One: They eat less than we do.
Several years ago, I read that a study comparing portion sizes in France and America showed that the portions in the States were one-third larger (and often a lot more than that) than those in France and last night was proof of it: I told the butcher I wanted a steak for one and you can see what I got, a lovely little (emphasis on little) filet that barely tipped the scale at 100 grams, or about 3 1/2 ounces. And, you know what? It was enough! (And pretty delicious, too, topped with shallots cooked in the pan while the steak was resting and red wine splashed into the pan and reduced at the end.)
Two: Big Brother is watching them.
It’s not just alcohol and tobacco that carry dire warnings (to see SMOKING KILLS in big, block letters on a cigarette pack is jarring in the extreme), it’s bread and sugar, too.
This is from a sign hanging over the bread baskets at my local Monoprix. The gentle warning reads: For your health, avoid snacking between meals and sends readers (and snackers) to a government-sponsored website called eat/move. The site’s handiwork turned up yesterday afternoon at the bottom of a magazine recipe for Rhubarb and Strawberry Compote with Vanilla Whipped Cream. The recipe was part of an advertisement for brown sugar and this time the warning read: For your health, avoid eating too much fat, too much sugar, too much salt.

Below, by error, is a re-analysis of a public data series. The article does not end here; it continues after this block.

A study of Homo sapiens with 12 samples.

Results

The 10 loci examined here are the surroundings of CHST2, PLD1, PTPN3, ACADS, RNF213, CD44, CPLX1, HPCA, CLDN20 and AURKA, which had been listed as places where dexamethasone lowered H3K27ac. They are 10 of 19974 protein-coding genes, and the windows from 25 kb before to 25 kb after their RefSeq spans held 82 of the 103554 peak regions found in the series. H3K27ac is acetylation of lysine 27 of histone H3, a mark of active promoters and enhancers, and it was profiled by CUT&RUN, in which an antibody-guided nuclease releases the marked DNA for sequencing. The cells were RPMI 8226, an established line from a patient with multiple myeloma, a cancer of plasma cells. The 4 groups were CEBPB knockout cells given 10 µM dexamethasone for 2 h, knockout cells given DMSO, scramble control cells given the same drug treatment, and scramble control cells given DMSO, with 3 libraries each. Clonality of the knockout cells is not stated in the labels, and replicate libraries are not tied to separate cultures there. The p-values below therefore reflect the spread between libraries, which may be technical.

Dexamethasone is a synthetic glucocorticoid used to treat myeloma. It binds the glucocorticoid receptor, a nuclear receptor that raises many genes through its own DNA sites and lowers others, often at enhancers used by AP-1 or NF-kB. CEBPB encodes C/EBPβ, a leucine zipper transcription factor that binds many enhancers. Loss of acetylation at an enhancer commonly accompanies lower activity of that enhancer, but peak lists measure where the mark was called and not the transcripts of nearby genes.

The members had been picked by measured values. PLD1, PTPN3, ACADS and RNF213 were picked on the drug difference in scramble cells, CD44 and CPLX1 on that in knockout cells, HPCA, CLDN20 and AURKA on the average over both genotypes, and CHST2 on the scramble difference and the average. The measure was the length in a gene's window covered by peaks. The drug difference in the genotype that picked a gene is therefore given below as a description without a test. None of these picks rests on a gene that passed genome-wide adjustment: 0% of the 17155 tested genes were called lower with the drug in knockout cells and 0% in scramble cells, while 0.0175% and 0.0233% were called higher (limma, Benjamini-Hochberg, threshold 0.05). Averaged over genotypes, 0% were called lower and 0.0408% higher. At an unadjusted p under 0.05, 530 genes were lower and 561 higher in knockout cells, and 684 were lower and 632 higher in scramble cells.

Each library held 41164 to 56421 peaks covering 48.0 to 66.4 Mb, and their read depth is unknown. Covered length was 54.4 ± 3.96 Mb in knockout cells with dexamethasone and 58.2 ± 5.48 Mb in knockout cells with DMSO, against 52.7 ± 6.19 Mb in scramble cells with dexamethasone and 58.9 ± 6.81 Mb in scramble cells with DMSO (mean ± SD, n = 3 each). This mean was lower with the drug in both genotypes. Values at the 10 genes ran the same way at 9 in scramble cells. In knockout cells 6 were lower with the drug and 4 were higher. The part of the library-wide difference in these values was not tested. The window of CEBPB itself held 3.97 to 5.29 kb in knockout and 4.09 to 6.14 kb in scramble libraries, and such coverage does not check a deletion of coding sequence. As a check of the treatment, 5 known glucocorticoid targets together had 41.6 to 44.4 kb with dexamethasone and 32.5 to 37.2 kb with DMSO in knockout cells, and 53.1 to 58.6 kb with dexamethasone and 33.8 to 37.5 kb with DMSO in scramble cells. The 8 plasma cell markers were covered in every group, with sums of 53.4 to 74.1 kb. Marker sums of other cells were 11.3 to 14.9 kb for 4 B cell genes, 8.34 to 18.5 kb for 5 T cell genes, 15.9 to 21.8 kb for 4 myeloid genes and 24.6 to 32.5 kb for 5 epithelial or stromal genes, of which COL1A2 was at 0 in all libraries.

Three: They sublimate.
Instead of walking into Laduree and buying one of every macaron they’ve got, or going for a religieuse — two pastry-cream-filled cream puffs, shiny with glaze and finished with a white icing ringlet that resembles a cleric’s collar — they opt for something beautiful and completely sans calories: this religieuse candle.
I looked at the candle for a minute, decided it was lovely, then marched right into the shop and bought a chocolate macaron. I guess I’m not French yet.
Edited thanks to the sharp eyes of some very good readers — merci.